A 48-year-old man was admitted to our center for management of a perforated duodenal ulcer with intraabdominal free air. For 10 years, he had chronic abdominal pain following an open repair of an abdominal aortic aneurysm, and was treated with “low-dose” naltrexone 1.5 mg per day for 3 years, with satisfactory efficacy.
Despite dose escalation of IV fentanyl to 4,500 mcg per day and hydromorphone to 47 mg per day, his acute pain remained uncontrolled.
We were surprised to observe that an opiate-naive patient was refractory to the analgesic, sedative, or respiratory depressant effects of 2 IV opiates with liberal dose escalation.
We hypothesize that the chronic oral naltrexone may have contributed to the lack of efficacy of the opiates, because the patient had previously responded to opiates at much lower doses during a prior hospitalization in the setting of a laparotomy.
Oral Naltrexone for Chronic Pain
Somewhat paradoxically, low-dose naltrexone is both anti-inflammatory and analgesic, potentially via its ability to increase production of endogenous opioids or by decreasing glial cell activation.
The role of glial cell activation in chronic pain continues to emerge, but microglial activation is known to contribute to both inflammation and pain sensitivity.
Similarly, when microglial activity is suppressed, the production of neuroexcitatory reactive oxygen species is diminished.
What Is ‘Low Dose’?
The target dose of naltrexone required to suppress microglial activity without antagonizing the <03BC>-opioid receptor is unknown.
To our knowledge, a dose-response curve for low-dose naltrexone has not been plotted, and it is unknown whether there is overlap between the anti-inflammatory dose-response curve and the opioid antagonist plot.
We hypothesize that the analgesic “sweet spot” is heterogeneous in the general population, and the patient we encountered may have exceeded the anti-inflammatory dose and entered into an antagonist dose range.
All these proclamations of “we don’t know” seem like warning signs. If this were the case with opioid medications, the uproar would be instantaneous and prohibitive.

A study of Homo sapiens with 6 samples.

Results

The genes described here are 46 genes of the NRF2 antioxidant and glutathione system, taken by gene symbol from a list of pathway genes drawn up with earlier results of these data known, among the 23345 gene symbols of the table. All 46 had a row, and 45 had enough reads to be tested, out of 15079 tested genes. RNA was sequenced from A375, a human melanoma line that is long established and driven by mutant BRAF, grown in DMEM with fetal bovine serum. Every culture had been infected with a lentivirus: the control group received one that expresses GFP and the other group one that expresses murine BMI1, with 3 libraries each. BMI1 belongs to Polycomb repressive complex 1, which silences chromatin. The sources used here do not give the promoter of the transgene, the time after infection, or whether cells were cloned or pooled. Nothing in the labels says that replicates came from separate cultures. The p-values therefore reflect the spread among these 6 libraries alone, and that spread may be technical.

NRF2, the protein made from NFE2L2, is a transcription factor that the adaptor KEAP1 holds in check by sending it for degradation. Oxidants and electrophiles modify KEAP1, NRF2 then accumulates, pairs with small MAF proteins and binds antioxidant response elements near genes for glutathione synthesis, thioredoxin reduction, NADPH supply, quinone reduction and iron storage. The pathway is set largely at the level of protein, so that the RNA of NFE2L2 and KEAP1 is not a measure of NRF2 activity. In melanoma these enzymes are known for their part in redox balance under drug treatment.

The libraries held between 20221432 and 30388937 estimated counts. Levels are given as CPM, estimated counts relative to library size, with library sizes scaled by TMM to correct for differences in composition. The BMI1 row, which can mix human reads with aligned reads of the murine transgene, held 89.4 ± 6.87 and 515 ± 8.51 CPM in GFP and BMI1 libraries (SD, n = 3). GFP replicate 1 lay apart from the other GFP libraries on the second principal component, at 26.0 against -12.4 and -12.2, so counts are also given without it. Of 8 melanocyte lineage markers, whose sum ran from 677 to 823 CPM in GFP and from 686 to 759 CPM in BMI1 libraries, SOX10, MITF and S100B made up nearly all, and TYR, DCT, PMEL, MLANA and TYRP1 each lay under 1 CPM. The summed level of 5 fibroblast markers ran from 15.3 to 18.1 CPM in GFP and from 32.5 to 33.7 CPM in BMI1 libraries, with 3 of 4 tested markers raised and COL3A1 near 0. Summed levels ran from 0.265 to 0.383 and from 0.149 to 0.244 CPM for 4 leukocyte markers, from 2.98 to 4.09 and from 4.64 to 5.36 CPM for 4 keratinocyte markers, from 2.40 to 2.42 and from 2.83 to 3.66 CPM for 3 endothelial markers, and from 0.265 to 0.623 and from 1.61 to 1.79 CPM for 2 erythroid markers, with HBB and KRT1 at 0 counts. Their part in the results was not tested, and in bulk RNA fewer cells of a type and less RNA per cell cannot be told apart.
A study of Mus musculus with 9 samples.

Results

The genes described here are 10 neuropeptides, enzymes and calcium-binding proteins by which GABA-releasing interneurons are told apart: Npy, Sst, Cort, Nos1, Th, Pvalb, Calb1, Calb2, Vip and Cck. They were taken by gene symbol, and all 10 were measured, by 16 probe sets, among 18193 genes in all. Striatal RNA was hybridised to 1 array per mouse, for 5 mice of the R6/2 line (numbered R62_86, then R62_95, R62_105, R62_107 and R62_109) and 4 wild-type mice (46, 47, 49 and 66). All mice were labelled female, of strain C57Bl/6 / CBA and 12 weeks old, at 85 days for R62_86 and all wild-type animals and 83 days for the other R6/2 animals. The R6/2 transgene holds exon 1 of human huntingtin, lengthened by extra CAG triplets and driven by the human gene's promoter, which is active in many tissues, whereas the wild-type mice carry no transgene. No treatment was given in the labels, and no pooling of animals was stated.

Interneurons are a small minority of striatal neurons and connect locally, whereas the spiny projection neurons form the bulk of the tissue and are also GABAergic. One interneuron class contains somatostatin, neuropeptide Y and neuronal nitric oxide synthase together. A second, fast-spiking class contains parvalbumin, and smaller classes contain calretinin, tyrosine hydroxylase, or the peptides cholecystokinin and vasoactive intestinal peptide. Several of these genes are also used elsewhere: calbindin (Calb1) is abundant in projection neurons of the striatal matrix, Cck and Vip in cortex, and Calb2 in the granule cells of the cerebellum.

The Challenge of Acute Pain Management
With a growing body of evidence supporting treating selected chronic pain conditions with low-dose naltrexone, we return to the question of caring for patients with acute pain who are treated with chronic oral naltrexone.
Naltrexone has biphasic elimination:
- The initial elimination phase occurs 4 to 10 hours after the dose is administered,
- followed by the terminal elimination phase 24 hours later.
- The plasma half-life of naltrexone is 10 hours.
- Naltrexone’s major metabolite, 6β-naltrexol, has a plasma half-life of 14 to 19 hours and contributes to the prolonged duration of action of the medication.
Our attempt to overcome the presumed antagonist effect of naltrexone, first by escalating the dose and then later by changing to another opioid formulation, failed to provide meaningful analgesia
Why isn’t this a blazing red flag against its use? (Hint: because it’s not an opioid pain reliever.)
We hypothesize that the dose administered to this patient exceeded that required to suppress microglia, and entered into the dose that antagonized <03BC>-opioid receptors.
While we are optimistic about the use of low-dose naltrexone as a potential novel analgesic option for patients with chronic pain, we are reminded that currently, there is no antagonist for an antagonist.
The staff is “reminded”, but what about the suffering patients?
When unable to overcome the antagonistic effects of oral naltrexone with dose escalation, and while waiting through the drug’s washout period, the pain management specialist may be challenged to use adjunctive strategies such as regional or neuraxial analgesics to treat this unique subset of pain patients.
This can all be avoided by just prescribing the most effective pain-reliever with the least dangerous side effects: opioids.